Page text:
By RUSSELL HUFFMAN
Already a Preservation Texas “Most Endangered Site,” the 1891 cable-stayed bridge in Bluff Dale, Texas, suffered erosion damage due to the recent storms that passed through Erath County last weekend, but the real damage to this little magical spot has been coming on for years.
It’s one of those little out-of-the-way places (County Road 149, Bluff Dale) everyone needs to visit at least once in their lifetime. It is a rare example of the innovative technology used by our ancestors. The bridge was a huge upgrade after vehicles were forced to forge the Paluxy River risking life and limb.
For more than four decades the bridge serviced vehicle traffic before backups and the lack of two lanes demanded a change. Originally, the bridge was suspended 15 miles downstream before it was moved to Bluff Dale in 1934 and began servicing traffic there until it was shut down to vehicle traffic in 1989.
Because the bridge was taken out of service, it no longer falls under the TXDOT maintenance program and as each year passes a little bit of our Erath County history slips away. TXDOT applied for Transportation Enhancement funds for a Historic Bridge Preservation Program in 2006 and the Bluff Dale bridge was included in the proposal. Budget cuts stopped the preservation plan and now the bridge along, with about 40 other historic Texas bridges, are without the needed funds.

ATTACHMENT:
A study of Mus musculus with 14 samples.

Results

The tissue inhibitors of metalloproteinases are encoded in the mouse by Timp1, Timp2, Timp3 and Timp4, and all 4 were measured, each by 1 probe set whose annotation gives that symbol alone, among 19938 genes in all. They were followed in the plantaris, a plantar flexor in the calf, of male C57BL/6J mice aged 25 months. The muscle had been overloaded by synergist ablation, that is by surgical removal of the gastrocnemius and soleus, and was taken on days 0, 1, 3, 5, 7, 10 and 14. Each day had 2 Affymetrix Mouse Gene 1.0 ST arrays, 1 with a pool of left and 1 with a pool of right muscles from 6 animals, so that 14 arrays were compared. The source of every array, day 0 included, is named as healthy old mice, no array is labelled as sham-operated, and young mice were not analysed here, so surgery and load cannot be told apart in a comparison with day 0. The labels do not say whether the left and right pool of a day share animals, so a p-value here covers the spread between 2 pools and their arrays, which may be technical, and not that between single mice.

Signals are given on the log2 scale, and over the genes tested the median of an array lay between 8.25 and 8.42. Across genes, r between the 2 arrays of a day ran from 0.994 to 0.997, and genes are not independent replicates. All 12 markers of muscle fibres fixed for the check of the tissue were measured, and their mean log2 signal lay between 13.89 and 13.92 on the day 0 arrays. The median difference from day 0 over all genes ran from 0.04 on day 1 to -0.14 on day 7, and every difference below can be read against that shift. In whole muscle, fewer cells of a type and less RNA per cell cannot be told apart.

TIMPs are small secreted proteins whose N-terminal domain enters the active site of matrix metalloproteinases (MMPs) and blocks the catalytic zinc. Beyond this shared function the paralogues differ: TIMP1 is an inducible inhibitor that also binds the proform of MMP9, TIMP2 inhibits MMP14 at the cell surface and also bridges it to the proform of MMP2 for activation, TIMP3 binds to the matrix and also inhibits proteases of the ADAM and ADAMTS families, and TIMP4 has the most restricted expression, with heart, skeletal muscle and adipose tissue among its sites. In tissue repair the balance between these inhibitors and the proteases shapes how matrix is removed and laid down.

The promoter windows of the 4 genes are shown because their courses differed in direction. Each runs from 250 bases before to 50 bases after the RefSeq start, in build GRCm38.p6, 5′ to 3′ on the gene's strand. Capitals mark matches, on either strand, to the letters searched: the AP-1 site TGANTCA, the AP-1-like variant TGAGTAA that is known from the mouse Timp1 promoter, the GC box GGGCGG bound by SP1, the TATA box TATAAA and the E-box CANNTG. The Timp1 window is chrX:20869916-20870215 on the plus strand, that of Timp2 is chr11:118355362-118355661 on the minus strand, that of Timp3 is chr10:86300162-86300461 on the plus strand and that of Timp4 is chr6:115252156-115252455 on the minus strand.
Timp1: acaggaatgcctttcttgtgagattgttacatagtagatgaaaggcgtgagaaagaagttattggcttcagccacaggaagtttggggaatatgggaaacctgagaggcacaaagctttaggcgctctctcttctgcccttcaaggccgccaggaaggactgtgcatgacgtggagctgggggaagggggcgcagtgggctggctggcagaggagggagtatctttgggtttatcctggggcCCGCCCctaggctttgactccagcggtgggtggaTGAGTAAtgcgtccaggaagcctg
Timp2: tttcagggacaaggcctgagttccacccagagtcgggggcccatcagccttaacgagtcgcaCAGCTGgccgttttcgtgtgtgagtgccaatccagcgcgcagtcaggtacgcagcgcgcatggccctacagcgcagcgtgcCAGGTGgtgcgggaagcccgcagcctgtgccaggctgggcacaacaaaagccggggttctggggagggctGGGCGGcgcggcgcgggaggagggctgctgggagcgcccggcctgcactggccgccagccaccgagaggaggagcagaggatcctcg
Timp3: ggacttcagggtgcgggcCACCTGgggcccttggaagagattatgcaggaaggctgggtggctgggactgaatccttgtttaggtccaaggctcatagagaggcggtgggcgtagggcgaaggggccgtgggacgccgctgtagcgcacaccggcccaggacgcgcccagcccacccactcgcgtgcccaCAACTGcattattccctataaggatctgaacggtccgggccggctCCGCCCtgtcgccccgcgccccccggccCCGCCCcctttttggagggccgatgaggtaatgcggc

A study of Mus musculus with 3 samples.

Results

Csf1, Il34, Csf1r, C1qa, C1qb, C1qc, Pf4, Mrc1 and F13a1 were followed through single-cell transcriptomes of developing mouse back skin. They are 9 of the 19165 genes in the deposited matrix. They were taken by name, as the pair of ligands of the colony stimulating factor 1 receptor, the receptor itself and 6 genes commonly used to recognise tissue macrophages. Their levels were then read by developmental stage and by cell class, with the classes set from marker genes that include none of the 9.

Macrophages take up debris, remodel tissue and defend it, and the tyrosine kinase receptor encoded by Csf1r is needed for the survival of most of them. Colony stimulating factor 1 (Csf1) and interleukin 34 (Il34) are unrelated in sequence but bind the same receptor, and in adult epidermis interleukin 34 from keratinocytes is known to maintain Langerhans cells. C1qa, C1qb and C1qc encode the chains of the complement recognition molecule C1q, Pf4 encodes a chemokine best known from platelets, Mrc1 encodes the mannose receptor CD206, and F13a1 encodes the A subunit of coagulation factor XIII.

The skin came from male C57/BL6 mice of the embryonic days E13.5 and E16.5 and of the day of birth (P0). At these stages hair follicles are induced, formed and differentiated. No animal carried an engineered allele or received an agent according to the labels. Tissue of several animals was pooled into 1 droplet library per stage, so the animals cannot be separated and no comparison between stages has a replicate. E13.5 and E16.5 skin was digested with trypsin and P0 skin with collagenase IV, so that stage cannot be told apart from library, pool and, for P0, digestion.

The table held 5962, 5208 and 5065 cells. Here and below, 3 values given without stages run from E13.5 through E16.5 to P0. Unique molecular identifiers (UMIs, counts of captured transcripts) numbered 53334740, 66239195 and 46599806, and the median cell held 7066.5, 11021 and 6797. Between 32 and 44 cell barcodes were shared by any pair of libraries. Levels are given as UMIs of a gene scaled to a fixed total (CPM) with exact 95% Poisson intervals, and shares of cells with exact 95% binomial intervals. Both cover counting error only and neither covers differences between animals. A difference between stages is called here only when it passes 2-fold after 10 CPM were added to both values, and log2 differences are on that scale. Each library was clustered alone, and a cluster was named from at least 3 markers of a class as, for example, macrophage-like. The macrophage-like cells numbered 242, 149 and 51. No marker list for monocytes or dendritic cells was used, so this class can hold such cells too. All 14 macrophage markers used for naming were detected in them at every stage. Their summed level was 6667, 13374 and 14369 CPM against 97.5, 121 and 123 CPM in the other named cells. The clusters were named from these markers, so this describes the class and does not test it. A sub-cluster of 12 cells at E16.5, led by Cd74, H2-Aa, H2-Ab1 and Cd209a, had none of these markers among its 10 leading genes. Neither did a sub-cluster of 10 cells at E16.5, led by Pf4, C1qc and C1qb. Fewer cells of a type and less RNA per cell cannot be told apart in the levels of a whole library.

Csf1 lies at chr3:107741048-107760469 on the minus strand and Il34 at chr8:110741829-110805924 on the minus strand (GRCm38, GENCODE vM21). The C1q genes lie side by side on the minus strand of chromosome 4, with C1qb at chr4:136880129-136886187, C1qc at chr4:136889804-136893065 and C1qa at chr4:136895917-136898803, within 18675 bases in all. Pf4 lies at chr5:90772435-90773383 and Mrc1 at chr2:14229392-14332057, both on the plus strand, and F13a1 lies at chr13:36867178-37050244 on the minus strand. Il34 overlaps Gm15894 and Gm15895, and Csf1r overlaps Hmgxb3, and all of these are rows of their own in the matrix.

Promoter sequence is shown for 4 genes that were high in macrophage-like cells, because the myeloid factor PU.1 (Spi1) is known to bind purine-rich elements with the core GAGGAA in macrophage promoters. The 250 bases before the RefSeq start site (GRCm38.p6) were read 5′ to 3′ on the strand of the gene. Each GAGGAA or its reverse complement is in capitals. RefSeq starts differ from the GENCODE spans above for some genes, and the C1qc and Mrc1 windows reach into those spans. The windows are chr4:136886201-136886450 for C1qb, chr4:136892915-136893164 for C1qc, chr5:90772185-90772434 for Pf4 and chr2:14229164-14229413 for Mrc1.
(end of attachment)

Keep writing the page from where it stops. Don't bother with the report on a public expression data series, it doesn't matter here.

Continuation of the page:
Monday, as the waters of the Paluxy River receded, there was evident erosion damage to the bridge’s south end, which is probably going to add even more cost if the site is going to be saved.
In 2009, the bridge was named “The Most Endangered Site” by Preservation Texas after being nominated for the designation by the Historic Bridge Foundation and Erath County Historical Commission. Just one visit will convince most folks the organizations know what they are talking about. It’s a marvel, as the pictures here display, and it’s also fading fast.
The bridge’s 225-foot long span is wired with perhaps several thousand feet of cable that either need new ends or complete replacement. The nine-inch support pipe towers suspend its cables 28 feet above the river. Now covered in plant life, the site is a beautiful backdrop for photographs, and before it was closed to foot traffic it was the place to take a youngster to catch, perch, bass and catfish.
As a freshman at Tarleton State, it was one of my first photography class assignments and I will never forget the feel of its large metal plates moving as I walked across it. One can only imagine driving a vehicle across a bridge that rose and fell a little as you drove across it. It must have been a white-knuckled stomach-turning experience for those driving across for the first time.
It will also be a white-knuckling experience to see it one day collapse if the funding can’t be found to save it.